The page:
From floating farms to rewilding, the rise of social media influencers and the promise of technology, not to mention pending political events, the mood at the 2019 Oxford Farming Conference clearly reflected the need to face and embrace change.
When asked via live poll how confident they feel about the future of British agriculture, OFC delegates responses ranged from “buoyant” (19%), and “confident” (37%), to “apprehensive” (38%) and “Help!” (5%).
As Secretary of State Michael Gove wryly noted in his speech that followed, a politician generally experiences this spectrum of emotions in a single day, however they did broadly reflect the spread of views throughout the conference.
The opportunities are clearly there to be explored, while the potential costs and risks of a no-deal Brexit led some to be at the “Help!” end of the spectrum.
A clear call was also issued by the NFU President for “warm words” around maintaining food production standards to be enshrined in law to mitigate the threat of cheaper, lower quality imports.
Having accepted change is coming, the next question is how soon, at what cost, and at what scale. The first two questions are potentially dependent on the political events of the coming months, but the question of scale remains an even bigger challenge.
Elsewhere, Defra’s Chief Scientist, Prof Ian Boyd contends that dramatic, disruptive solutions are needed (for example, large scale vertical farming, insect production, cellular agriculture for animal-free meat and milk products) – incremental improvements are just not going to deliver the increasing demands for food production, environmental benefits and business competitiveness.
Others see a continuum where current good practice is rewarded and incentivised further to effect gradual change and incremental technological improvements are the way to progress. So big sweeping disruption, or gradual change?
The crossroads at which British agriculture currently stands has many other “either / or” decisions on its metaphorical signpost, all of which will have a major impact on the future of the industry and OFC2019 highlighted many of them.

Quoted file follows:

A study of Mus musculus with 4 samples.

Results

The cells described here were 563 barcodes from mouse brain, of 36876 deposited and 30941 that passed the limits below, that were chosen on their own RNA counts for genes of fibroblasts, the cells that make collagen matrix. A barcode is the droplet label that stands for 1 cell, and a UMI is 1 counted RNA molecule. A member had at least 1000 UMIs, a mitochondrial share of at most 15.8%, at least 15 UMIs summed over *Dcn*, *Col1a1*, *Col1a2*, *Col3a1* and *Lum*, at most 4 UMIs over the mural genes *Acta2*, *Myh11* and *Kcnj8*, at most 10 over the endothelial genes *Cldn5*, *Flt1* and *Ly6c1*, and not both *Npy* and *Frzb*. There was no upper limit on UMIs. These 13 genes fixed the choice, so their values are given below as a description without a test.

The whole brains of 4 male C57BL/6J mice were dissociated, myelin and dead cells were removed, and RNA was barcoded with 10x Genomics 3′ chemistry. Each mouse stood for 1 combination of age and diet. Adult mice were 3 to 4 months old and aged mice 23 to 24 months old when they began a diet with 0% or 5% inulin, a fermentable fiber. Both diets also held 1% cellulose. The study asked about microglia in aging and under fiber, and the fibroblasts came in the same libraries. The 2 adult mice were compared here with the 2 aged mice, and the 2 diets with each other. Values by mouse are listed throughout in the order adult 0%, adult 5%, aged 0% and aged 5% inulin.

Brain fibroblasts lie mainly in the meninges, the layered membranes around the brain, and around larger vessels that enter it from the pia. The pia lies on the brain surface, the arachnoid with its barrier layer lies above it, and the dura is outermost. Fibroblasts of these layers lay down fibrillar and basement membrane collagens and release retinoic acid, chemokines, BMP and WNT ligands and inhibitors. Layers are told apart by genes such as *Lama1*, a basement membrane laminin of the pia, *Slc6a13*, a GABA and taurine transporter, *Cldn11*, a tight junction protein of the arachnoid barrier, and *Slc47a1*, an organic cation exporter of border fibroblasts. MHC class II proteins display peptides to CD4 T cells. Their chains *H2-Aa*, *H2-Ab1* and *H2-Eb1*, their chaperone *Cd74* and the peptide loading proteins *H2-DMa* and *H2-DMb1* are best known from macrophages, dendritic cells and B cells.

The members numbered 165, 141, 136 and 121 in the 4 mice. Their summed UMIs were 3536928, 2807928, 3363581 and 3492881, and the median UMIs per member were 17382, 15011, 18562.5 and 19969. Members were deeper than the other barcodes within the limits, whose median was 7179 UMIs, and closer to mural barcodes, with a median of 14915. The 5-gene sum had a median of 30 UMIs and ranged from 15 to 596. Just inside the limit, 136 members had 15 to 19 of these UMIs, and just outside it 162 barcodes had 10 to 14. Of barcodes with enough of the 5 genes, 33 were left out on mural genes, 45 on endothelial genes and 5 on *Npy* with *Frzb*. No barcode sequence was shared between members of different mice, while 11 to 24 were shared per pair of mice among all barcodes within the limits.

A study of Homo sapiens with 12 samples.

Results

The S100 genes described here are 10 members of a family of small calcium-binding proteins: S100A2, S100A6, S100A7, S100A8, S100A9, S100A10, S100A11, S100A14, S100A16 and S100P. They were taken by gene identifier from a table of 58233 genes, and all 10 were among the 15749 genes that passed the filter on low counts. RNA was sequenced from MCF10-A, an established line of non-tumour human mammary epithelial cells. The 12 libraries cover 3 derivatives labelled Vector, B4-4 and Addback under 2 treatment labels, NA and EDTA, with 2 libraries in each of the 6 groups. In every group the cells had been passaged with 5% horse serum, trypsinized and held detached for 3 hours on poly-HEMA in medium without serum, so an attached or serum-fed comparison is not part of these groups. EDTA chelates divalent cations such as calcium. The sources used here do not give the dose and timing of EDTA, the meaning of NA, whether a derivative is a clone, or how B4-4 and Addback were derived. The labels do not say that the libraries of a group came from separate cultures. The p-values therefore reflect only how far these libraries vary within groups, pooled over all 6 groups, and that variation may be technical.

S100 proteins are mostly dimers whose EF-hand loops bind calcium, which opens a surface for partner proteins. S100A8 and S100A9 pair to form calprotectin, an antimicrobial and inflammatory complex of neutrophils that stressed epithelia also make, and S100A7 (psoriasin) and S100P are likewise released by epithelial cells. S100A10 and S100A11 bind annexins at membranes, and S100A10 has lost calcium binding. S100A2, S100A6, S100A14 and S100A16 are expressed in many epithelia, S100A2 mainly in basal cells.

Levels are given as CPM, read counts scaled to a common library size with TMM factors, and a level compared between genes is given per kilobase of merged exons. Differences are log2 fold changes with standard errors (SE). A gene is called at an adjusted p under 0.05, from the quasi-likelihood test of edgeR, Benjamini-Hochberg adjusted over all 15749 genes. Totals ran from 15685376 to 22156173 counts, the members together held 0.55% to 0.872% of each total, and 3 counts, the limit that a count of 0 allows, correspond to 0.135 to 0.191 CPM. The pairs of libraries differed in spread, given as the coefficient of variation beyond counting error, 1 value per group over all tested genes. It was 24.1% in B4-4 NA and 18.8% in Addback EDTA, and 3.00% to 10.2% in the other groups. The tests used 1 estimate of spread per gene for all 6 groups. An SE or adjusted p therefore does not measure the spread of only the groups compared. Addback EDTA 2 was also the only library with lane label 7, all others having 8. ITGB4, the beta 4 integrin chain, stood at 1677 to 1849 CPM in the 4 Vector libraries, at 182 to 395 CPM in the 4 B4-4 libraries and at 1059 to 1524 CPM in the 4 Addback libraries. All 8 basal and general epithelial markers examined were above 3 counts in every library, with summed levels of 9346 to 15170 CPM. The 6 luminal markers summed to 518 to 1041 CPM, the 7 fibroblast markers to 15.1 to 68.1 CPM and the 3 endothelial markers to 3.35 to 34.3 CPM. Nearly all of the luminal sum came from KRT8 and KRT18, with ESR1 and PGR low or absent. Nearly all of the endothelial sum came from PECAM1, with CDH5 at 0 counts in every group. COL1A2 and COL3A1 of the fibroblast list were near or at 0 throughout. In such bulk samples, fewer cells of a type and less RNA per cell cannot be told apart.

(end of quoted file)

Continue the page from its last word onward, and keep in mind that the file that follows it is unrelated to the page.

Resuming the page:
Leave or Remain (if that is still an option)? Deal or No Deal? Natural capital management or food productivity? Profit or public good?
Happily most delegates when asked by a show of hands felt that productive agriculture and environmental stewardship were not mutually exclusive and can be co-delivered. But how well placed are we as an industry to accommodate both in order to deliver the transformational changes being called for by Ian Boyd? It is critical that future policies, farmer incentives and sensible impact metrics will allow this to happen.
Rise of social media influencers
Elsewhere in the conference other transitions from “old” to “new” were being discussed. Julie Borlaug (grand-daughter of Norman Borlaug – the so-called “father of the Green Revolution”) reflected on the ongoing challenge of communication around new agricultural technologies.
The democratisation of knowledge via the channel of social media has enabled the rise of influencers who tout the benefits of so-called “gluten-free” vegetables, salt and even mattresses!
Julie Borlaug also commented on the need to shift from profit to purpose, hierarchies to networks, privacy to transparency, and controlling to empowerment.
Get these right, she argued, and you are on your way to real change.
And what of research, innovation and new technologies?
Artificial intelligence on farms, controlled environmental production for micro-veg, speed breeding of cereals, and even harnessing the “circular economy” where cows carry out “biomass upcycling” on floating farms – technology was mentioned almost without exception in every talk.
Suffolk farmer and AHDB Strategic Farm host Brian Barker issued a call-to-arms to scientists to spend more time on farms, citing collaboration and attention to detail as being the key to unlocking the potential of successful use of science-based decision-making for the industry. In a closing poll following the Science lecture by Sir Mark Walport (CEO of UK Research and innovation)
81 % of delegates felt that publicly funded research and innovation has the ability to make a difference in farming.
And that is without the wealth of innovation underway in the private sector which is already coming onto the market. Innovation is ubiquitous, enabling and empowering. It is one of the key enablers which will help agriculture and horticulture – both in the UK and beyond – achieve its full potential, whichever path we choose.